When Brian Williams said he had “conflated” his memories of what happened with his helicopter in Iraq in 2003, it sent “conflate” to the top of the list of words looked up at Merriam-Webster.com.
That dictionary’s definition of “conflate” is “to bring together” (as in “fuse”) and “confuse,” or “to combine (as two readings of a text) into a composite whole.”
Webster’s New World College Dictionary, the one the Associated Press and many other journalism organizations use, defines “conflate” only as “to combine or mix (two variant readings into a single text, etc.).”
If you think Brian Williams was simply mistaken, his memories “conflated” in “the fog of memory,” as Williams put it, you might want to use M-W’s definition. If you think he was just lying, you might prefer WNW’s.
But we’re not here to take sides. We’re here only to tell you where words come from and how they’re used.
“Conflate” comes from the Latin conflare, “to blow together, stir up, raise, accomplish; also to melt together, melt down (metals),” The Oxford English Dictionary says. Its first use, around 1583, referred to a “tumour conflated of a melancholious humour.” The “melancholy humor” referred to black bile, one of the four humors that early medicine believed were responsible for the health (or illness) of the human body. Black bile represented the earth; the others were blood, the sanguine humor, representing air; yellow bile, the choleric humor, representing fire; and phlegm, the phlegmatic humor, representing water (of course).
In 1885, the OED says, “conflate” was first used to mean “To combine or fuse two variant readings of a text into a composite reading; to form a composite reading or text by such fusion.” (Note that the OED also does not use “confuse” in its definition.)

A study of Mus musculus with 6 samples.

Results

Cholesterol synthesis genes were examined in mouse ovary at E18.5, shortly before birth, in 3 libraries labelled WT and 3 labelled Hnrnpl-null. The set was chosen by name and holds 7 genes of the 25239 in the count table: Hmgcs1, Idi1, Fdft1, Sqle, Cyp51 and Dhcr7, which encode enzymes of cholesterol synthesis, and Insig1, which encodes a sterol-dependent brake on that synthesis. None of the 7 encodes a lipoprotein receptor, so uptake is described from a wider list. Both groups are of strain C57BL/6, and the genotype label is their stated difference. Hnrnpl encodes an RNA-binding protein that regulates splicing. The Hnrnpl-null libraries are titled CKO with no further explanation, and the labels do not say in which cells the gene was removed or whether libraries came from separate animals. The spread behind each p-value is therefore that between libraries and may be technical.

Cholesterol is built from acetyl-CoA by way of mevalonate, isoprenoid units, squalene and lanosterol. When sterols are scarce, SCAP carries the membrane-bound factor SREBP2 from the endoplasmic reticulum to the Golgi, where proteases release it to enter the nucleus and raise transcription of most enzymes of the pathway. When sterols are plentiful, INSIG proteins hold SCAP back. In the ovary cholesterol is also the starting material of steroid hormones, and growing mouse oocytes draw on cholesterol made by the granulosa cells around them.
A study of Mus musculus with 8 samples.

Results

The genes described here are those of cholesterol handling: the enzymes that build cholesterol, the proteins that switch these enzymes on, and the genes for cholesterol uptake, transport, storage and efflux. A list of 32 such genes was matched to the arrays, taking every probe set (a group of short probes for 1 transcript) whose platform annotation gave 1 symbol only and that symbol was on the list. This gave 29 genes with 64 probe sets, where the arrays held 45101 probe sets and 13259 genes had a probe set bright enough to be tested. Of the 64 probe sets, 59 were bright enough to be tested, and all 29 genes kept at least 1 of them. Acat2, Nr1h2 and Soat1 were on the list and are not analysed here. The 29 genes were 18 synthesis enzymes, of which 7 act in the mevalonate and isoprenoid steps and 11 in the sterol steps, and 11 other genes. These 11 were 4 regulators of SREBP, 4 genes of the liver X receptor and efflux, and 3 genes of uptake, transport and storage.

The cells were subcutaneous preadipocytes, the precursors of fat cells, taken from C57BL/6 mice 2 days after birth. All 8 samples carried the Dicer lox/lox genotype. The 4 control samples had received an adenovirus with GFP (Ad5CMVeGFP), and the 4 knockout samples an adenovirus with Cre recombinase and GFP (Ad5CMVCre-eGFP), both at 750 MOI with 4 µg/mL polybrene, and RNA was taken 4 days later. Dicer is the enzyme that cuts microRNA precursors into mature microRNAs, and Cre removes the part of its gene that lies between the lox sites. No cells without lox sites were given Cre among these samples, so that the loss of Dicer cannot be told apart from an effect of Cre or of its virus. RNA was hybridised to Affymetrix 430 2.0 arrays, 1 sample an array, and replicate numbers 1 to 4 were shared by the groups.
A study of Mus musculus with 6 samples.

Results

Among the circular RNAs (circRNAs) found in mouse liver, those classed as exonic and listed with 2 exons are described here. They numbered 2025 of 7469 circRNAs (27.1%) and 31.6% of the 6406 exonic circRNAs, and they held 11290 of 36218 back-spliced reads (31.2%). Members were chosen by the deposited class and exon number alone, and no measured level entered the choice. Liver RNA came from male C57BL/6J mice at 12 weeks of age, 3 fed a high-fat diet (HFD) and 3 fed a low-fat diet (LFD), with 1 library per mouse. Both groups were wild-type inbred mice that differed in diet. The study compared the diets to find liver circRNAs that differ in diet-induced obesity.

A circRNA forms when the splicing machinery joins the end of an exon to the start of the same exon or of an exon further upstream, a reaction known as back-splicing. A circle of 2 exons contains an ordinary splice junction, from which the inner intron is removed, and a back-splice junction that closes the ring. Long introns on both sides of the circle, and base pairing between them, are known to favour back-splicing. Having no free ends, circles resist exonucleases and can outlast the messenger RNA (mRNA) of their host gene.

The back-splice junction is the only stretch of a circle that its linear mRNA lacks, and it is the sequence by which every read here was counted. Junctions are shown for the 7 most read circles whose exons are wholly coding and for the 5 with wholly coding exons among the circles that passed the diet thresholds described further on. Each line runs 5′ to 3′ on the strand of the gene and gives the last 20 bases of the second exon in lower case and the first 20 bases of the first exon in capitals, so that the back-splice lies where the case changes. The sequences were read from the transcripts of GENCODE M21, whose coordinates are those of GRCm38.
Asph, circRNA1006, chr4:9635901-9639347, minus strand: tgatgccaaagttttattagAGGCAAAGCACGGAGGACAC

It’s not the most common of words. People might use it to mean “equate” two concepts with a sense that leaves something out, as in “conflating” Islam with terrorism. To do so, that implies, is to ignore the good parts of Islam. Others might use it to mean something closer to “confuse,” as in warnings “not to conflate essential funding” for Homeland Security “with the political fight over immigration.” So if it’s that easy to “conflate” meanings of “conflate,” maybe it was the perfect word for Williams to use.
Regardless, its use in books certainly jumped between 1980 and 2000 before leveling off, as this Google ngram shows:
“Conflate” can be a verb or an adjective, though its use as the latter is rare these days. One noun form is “conflation,” which, to some, sounds a lot like “conflagration,” “a large destructive fire,” “a war,” or “a conflict.”
Williams has certainly created a “conflagration” with his “conflation.” Whether it ends up more like a destructive fire or just a conflict will emerge from the fog of time.